The Census Bureau has shifted its focus from urging people to return questionnaires and tracking down recalcitrant households to tabulating the statistical portrait of the United States that it produces once a decade, Director Kenneth Prewitt said yesterday.
Prewitt said 10 of the bureau’s local offices closed last week and all of them will be closed by late October. Now statisticians are sifting through data to check their accuracy, and demographers are analyzing numbers to search for trends.
“The processing effort over the next several months really is going to take up trillions of calculations,” Prewitt said. “We have prepared about 8.5 terabytes of capacity to process and tabulate the Census 2000. About two terabytes are for actual data; the remaining capacity is for all the file merging and quality checking that is required for an accurate census.”
The first results will be released after the tabulations take place. Those results, which will reveal the actual head count of the nation's population, by law must be on President Clinton's desk before Dec. 31. The U.S. Supreme Court ruled last year that those figures must be used to reapportion the 435 seats in the House of Representatives.
The numbers also will a paint a clearer picture of the U.S. population. One of the bigger story lines is the nation’s racial and ethnic makeup. Estimates released last week showed that growth in the country's minority population outpaced that of whites in the 1990s, especially Asians (up 43 percent) and Hispanics (up 38 percent). The white population grew 7 percent during the decade.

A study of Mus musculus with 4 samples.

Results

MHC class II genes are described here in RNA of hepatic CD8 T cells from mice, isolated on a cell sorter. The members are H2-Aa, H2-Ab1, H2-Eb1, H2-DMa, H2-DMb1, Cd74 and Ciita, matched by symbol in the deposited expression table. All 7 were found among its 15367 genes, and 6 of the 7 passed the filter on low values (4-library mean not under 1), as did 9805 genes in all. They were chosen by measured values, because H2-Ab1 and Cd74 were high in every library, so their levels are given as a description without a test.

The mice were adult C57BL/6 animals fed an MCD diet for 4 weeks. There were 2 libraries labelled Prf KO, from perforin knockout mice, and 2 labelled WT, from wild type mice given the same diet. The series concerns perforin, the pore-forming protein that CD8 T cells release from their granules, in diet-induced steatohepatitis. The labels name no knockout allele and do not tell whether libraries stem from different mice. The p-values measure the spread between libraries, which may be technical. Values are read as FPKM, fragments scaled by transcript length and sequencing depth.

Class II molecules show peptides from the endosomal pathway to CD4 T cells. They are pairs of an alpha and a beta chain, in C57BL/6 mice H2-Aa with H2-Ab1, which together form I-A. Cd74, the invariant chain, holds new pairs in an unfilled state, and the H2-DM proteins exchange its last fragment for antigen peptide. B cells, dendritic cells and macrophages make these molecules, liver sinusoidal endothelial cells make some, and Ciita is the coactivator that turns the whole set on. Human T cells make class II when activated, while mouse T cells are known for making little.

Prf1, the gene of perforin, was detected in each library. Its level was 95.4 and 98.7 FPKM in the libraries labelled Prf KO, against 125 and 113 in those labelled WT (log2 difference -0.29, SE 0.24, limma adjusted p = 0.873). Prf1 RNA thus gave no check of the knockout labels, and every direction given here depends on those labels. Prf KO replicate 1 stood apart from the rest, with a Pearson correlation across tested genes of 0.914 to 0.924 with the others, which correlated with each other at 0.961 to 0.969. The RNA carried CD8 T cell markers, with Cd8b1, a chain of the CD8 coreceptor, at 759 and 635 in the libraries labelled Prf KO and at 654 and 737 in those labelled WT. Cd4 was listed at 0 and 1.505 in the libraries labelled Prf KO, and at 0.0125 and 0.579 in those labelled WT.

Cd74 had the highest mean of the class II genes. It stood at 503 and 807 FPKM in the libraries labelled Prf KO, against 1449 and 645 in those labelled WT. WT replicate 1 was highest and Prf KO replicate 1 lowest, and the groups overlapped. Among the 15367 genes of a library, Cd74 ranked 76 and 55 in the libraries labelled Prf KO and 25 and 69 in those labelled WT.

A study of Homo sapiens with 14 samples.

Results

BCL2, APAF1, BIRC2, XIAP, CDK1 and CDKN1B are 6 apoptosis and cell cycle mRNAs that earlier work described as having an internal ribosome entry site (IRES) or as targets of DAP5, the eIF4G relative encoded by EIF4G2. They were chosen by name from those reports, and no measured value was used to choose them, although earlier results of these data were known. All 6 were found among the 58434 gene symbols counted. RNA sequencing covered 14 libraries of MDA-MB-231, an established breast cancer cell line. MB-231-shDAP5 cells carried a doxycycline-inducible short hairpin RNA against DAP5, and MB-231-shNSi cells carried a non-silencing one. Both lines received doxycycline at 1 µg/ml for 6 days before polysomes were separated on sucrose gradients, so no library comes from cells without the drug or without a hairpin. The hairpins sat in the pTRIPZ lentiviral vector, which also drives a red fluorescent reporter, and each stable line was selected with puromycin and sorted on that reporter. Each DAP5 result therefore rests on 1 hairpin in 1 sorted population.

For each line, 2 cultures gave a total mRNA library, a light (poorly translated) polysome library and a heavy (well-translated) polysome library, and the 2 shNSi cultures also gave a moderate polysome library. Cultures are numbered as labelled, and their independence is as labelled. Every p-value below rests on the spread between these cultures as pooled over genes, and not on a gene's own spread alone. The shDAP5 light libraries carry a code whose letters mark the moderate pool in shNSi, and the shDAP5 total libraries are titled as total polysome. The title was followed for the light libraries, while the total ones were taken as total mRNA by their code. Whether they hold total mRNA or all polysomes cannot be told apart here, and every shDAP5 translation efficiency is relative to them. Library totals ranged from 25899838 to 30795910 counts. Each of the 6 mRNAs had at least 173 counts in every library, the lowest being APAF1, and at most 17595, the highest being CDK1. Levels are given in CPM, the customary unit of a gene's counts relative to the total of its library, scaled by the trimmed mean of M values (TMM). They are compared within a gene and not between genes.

Census 2000 data are expected to back up those estimates with actual numbers for the first time in 10 years.
In March, the Census Bureau will release total population numbers classified by race, gender, age and ethnicity, down to block levels. These are the numbers that states will use for redistricting.
Population figures, adjusted by using a statistical method known as sampling, are scheduled for release by April 1. States have the option of using this sampled population count or the real numbers when redrawing congressional and state legislative boundaries.
Other data will be released in waves in the months and years following.
About 80 million, or 66 percent, of the country's 120 million households returned census forms, reversing a decades-long decline in participation. This is good news for direct marketers, who often use census information to fill in missing pieces of large consumer databases and for market research.